Economics examines the ways in which households, firms and societies allocate scarce resources and set priorities to satisfy needs and wants. In capitalist economies based on free enterprise, individuals and businesses are free to invest their money as they wish, without direction from government-planning committees. Under this system, the free market acts as a coordinating mechanism, guiding investment capital toward profitable activities and away from failing enterprises.
Capitalist economies rely on markets rather than government planners or other planning bodies to coordinate economic activities. The market is a mechanism that brings together buyers and sellers of goods. In this market system, profits and losses provide signals of what activities and enterprises yield the greatest prosperity. Investors, seeking maximum return for their money, will invest their resources in profitable industries and withdraw from businesses and activities that show losses. In short, profit and loss guide societies in how to allocate resources.
In economics, companies earn profits when revenues earned from the sale of products and services exceed costs. Losses occur when the costs of production outweigh revenues. However, economists’ definitions of profit and loss differ from the conventional definitions used by accountants.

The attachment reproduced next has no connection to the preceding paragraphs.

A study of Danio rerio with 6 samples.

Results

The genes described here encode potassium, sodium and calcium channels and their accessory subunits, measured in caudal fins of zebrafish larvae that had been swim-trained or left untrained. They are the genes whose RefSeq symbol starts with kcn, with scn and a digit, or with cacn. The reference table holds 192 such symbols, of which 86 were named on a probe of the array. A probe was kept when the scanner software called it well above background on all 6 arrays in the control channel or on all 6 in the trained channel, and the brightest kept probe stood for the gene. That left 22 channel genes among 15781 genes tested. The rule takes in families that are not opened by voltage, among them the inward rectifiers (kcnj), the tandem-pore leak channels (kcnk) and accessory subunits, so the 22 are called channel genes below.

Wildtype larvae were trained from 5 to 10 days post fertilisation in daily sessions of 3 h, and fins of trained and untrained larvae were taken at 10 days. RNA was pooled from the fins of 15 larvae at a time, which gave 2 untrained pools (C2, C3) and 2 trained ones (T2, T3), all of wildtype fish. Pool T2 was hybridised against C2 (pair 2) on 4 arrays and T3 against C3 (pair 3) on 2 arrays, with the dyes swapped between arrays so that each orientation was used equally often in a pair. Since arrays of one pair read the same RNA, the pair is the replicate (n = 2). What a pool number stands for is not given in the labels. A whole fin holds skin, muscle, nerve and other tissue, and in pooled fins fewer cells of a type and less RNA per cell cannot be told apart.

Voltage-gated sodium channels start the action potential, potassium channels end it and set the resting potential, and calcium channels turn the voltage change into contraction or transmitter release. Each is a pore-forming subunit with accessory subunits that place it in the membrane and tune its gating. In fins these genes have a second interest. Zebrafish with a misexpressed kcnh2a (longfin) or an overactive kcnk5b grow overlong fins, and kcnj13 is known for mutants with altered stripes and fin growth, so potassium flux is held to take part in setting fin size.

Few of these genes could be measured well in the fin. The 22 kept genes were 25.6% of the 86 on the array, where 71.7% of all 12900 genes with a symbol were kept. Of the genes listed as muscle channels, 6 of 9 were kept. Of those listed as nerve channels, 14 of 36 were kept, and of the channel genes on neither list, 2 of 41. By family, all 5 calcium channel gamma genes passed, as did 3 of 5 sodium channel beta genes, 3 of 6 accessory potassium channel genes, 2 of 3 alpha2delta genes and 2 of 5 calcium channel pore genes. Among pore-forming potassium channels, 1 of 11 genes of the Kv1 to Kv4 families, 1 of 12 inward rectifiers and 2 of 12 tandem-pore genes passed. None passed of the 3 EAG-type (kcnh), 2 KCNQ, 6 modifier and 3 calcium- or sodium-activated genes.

The accounting definition of profit and loss considers only explicit costs of production, subtracting them from revenues to determine if a firm earned a profit or a loss. Economists consider implicit costs as well, such as the opportunity cost of allocating resources to one use instead of another. For example, the opportunity cost of using savings to open a small business is the loss of interest income. If the business’ earnings exceed the explicit operating costs and implicit opportunity costs, then the venture is profitable. If not, the business has a negative economic profit or loss.
Some societal needs, such as national defense and public safety, will not be provided for on their own in a market economy because these activities can't be conducted profitably while still ensuring the provisions of these services to all citizens. Economists call these services public goods, which the government provides.
- "Principles of Economics" (3rd ed.); N. Gregory Mankiw; 2004
Shane Hall is a writer and research analyst with more than 20 years of experience. His work has appeared in "Brookings Papers on Education Policy," "Population and Development" and various Texas newspapers. Hall has a Doctor of Philosophy in political economy and is a former college instructor of economics and political science.